12.1 Summary

  • What are Action Listeners?
  • Events are objects
  • How to implement Action Listeners

12.2 Contents

12.2.1 What are Action Listeners?

What are buttons, checkboxes, and the like used for, if we couldn't capture a click or some type of action related to the object. A button without an action association is really just two images; we see one image, and when clicking on the image, we see a slightly displaced version of the image. In order to make some use of it, we need to associate an action to the button. For that reason, we apply what is called an "ActionListener".

ActionListeners are added to objects, so that when we make use of an object, the ActionListener notifies us of the action. If you look at our first applet framework, you may notice in the class declaration the use of this ActionListener as "implements ActionListener". We would not need these two keywords, if we had no interaction in the applet. That is, ActionListeners are only then added when there is some type of interactive component in the applet. You may wonder why this functionality is not inherent to applets. The reason for that is that there are numerous Listeners that can be added to applets. Drop-down boxes, for example, use an ItemListener instead. If we added all of the possible Listeners, we would greatly impede the efficiency of applets, while not using 99% of the possible Listeners. More importantly though, we also want to make room for non-default Listeners. That is, what happens, if we write our own Listener for some object. These Listeners are not added to applets by default either.

However, simply adding ActionListeners to the declaration does not suffice. Additionally, we need to add instances of the ActionListener to each component that we want to listen to. A button is a good example. After adding an ActionListener to a button, we may capture the button's actions in a separate, pre-defined method, which we include in the applet. If you look back at the simplistic framework, you may notice a method by the name of "actionPerformed(..)". This is a predefined method for all those components that use the ActionListener. For components that use the ItemListener, this method is called "itemStateChanged(..)". We will learn later why these methods have predefined names.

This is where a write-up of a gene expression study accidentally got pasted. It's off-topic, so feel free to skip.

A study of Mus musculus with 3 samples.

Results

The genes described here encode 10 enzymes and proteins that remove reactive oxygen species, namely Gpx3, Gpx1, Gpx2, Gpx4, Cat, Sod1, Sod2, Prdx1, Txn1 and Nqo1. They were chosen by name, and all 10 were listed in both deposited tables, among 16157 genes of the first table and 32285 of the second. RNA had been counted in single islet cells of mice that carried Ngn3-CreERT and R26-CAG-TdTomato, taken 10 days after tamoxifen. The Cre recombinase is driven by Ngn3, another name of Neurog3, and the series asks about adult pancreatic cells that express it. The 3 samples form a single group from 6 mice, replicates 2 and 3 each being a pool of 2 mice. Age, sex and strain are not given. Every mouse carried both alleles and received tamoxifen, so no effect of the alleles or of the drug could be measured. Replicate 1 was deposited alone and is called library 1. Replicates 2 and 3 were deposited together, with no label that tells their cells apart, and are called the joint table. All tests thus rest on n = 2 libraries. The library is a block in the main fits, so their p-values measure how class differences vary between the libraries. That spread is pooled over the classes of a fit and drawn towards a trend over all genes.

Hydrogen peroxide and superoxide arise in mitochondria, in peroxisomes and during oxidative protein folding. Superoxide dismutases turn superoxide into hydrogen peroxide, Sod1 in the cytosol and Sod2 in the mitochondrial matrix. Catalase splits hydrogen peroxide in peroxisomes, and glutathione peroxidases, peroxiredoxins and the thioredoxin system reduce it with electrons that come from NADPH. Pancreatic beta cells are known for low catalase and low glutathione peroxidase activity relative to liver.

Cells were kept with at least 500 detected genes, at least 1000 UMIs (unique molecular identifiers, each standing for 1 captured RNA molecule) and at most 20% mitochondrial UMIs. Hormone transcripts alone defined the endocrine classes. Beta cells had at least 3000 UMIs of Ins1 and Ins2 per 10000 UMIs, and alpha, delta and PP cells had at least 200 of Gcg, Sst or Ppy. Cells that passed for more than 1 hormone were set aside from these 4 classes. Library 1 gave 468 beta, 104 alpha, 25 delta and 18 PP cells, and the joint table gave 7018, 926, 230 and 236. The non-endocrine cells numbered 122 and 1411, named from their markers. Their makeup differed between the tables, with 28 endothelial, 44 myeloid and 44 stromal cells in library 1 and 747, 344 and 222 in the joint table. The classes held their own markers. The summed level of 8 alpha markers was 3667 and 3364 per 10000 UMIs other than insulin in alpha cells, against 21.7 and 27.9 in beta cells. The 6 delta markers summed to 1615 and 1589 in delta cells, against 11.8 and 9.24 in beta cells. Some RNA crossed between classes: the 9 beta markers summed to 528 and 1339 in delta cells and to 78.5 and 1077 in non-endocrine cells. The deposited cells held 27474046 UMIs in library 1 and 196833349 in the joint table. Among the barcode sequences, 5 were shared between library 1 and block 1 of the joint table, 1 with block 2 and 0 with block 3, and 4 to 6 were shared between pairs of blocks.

12.2.2 Events are objects

Much like everything else in Java, events themselves behave like objects. Once an action has been performed, an event object is passed to the function, e.g. in "actionPerformed(ActionEvent e)", ActionEvent is the type of event object passed, and e is the variable reference to that object. We can now find out what kind of action has been performed, by calling methods on the object. You may wonder why we need to find out specifics about the action. Since an applet may have multiple buttons, each button action arrives at the very same actionPerformed(..) method, and each time a new and different ActionEvent object is passed along as an argument. There is no way of distinguishing what button has been pressed, other than finding out with methods in the ActionEvent. A very useful method in ActionEvent is called "getSource()". This method returns the object on which an action has been performed. It does not just return the name or any other part of the component, it simply returns a reference to the very component that has received an action. If we declare our buttons globally, so that it may be accessed over the entire applet, we can now compare it to "getSource()" and see whether or not this particular button has been pressed.

12.2.3 How to implement Listeners

We shall now look at a specific example that implements an ActionListener:

import java.applet.*;
import java.awt.*;
import java.awt.event.*;
import java.util.*;
import java.io.*;


public class myApplet extends Applet implements ActionListener {

  Button b1;

  public init() {

    BorderLayout bl = new BorderLayout();
    setLayout(bl);

    b1 = new Button("Click Me!");
    b1.addActionListener(this);
    add(b1, BorderLayout.CENTER);
  }


  public void actionPerformed(ActionEvent e) {

    if (e.getSource() == b1) {
      // do something
    }
  }
}
Firstly, because we are dealing with buttons, we need to include the ActionListener in our implements statement. After declaring the button globally, we can now instantiate it and add the ActionListener to the button by stating b1.addActionListener(this). The keyword "this" again refers to the current object, namely our applet. We need to specify "this", because it is this very object that will be handling the actions in the method "actionPerformed(..)". If the actions were handled by another object, we would not need to include the "implements ActionListener" part, or the method "actionPerformed(..)". Moreover, in that case, we would include a variable that references the other object, instead of "this". For our purposes, we will be handling all actions in the very object, where they were created. In our actionPerformed(..) method, we may then use the ActionEvent e to find out what object has been used, as outlined above. We merely need to compare the source of action [getSource()] to the objects in question. Even though we only have one object, where the action could possibly come from, the above code only serves as an example.

If you look back at the code example "Components.java", you will find yet another event handler by the name of ItemListener. This type of listener is used for checkboxes and drop down selection boxes. The reason for creating a separate listener is that while buttons only have one state, i.e. the state of being clicked on, checkboxes and drop down selection boxes have two and multiple states, respectively.